Native Village
Youth and Education news
September 2010 Volume 2

Sapsik’walá Project graduates 16 Native Americans set to teach in Native schools
Condensed by Native Village

Oregon Jacintha "Jay" Stanley, Navajo,had never gone to a non-Native school. Then last summer she attended the University of Oregon. Through UO's Sapsik'walá Project, Stanley learned to handle tthe culture shock.  Now she has completed her journey by receiving a master's degree.

Stanley and 15 other Native students were awarded master's degrees in education outside the Many Nations Longhouse at UO. President Richard Lariviere, Patsy Martin Whitefoot, (Yakama) and the National Indian Education Association president addressed the graduates and their families.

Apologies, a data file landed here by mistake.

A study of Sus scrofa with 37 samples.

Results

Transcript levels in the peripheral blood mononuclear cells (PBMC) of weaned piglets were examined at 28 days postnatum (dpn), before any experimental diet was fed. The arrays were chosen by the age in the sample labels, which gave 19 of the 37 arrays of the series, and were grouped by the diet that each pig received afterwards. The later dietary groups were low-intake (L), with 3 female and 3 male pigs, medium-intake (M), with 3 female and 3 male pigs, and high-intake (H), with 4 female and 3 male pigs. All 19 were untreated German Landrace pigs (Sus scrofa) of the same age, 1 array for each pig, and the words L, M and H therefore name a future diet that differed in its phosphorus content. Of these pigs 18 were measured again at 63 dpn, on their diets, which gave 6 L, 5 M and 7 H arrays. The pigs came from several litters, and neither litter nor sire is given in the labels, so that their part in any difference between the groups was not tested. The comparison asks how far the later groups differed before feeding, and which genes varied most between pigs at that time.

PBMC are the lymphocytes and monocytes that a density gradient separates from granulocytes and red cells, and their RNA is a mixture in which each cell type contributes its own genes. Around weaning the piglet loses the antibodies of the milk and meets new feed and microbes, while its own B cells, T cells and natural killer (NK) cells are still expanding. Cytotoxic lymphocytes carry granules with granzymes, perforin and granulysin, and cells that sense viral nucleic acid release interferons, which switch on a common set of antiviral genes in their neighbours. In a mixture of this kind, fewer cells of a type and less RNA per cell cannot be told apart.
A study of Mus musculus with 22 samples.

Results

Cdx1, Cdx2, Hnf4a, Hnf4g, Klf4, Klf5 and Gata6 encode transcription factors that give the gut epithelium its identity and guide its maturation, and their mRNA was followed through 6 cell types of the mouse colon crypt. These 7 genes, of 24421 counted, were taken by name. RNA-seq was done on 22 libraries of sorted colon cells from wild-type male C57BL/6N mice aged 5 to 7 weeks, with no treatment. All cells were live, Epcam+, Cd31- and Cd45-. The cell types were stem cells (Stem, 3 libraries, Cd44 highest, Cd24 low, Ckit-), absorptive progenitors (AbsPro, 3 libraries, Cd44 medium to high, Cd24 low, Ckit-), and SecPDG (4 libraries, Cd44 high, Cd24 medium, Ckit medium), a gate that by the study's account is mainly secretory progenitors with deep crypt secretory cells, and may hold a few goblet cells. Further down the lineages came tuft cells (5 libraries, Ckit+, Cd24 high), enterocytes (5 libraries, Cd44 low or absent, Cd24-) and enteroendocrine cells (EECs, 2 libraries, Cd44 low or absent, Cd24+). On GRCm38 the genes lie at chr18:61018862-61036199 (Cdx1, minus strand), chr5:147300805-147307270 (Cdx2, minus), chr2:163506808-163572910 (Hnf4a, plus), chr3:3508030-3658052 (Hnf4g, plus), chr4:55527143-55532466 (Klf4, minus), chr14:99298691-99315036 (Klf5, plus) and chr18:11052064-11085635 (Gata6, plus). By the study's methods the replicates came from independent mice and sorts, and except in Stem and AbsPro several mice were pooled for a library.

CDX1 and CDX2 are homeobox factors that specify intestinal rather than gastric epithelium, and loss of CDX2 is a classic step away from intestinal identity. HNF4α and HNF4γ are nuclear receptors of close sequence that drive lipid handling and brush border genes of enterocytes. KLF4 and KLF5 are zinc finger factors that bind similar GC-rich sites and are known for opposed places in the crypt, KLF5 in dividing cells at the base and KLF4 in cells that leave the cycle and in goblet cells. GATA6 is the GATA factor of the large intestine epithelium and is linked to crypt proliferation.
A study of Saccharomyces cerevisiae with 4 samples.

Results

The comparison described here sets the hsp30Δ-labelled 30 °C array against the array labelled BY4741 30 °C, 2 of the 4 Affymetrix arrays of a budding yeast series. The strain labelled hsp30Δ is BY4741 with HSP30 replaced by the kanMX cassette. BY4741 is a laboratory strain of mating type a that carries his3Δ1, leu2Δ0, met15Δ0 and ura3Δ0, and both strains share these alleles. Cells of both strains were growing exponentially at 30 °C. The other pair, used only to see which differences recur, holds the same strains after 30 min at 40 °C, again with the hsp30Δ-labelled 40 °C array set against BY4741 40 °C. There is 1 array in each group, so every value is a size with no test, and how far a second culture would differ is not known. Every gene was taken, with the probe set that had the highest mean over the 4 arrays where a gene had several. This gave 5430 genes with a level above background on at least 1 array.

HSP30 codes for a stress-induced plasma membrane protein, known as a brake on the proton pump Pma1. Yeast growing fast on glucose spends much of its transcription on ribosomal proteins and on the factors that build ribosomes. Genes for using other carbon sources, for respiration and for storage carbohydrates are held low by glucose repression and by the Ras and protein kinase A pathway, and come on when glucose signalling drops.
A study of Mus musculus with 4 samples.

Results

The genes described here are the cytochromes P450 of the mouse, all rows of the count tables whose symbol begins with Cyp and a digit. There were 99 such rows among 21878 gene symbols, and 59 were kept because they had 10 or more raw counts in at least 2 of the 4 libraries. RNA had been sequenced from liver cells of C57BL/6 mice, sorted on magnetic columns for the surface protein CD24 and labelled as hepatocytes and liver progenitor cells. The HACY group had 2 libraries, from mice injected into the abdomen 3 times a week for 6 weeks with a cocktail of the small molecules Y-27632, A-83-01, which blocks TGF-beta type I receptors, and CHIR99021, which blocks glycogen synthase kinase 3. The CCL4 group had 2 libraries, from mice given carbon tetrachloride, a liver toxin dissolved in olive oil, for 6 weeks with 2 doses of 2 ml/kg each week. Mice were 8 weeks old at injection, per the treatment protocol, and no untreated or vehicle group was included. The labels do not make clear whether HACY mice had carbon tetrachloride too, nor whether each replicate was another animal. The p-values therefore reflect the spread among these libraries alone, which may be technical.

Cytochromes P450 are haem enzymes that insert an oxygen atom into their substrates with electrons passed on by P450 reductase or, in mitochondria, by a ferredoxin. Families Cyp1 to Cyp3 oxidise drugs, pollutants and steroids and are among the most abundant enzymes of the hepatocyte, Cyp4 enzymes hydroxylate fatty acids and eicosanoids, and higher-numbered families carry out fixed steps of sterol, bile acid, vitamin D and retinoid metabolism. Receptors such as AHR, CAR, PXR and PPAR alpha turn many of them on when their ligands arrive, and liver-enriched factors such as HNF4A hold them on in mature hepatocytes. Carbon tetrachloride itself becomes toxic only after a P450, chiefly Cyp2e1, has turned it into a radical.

"To me, success means knowing who you are and where you come from, so you know where you are going in the future," says Stanley. "I want to help my future students to have a good hold of their roots so they can build great futures."

After graduation, Stanley will tryitm to her high school in Kayenta, Ariz. to teach children in a Native school.

Sapsik'walá is a Sahaptian word meaning "teacher. Students who earn Sapsik'walá Project scholarships receive tuition and fees, a monthly stipend, and a book allowance.

The project trains Native American students to become professional educators. After graduation, they must return to their communities and teach at least a year in program that benefits Indian people.

"This year's graduates will be teaching in the fall at schools ranging from the Nixawii Tribal School on the Umatilla Reservation, the Muckleshoot Tribal School in Auburn, Wash. and other Indian schools in Oklahoma, Nevada, and Arizona," says Allison Ball, director of the Sapsik'walá Project.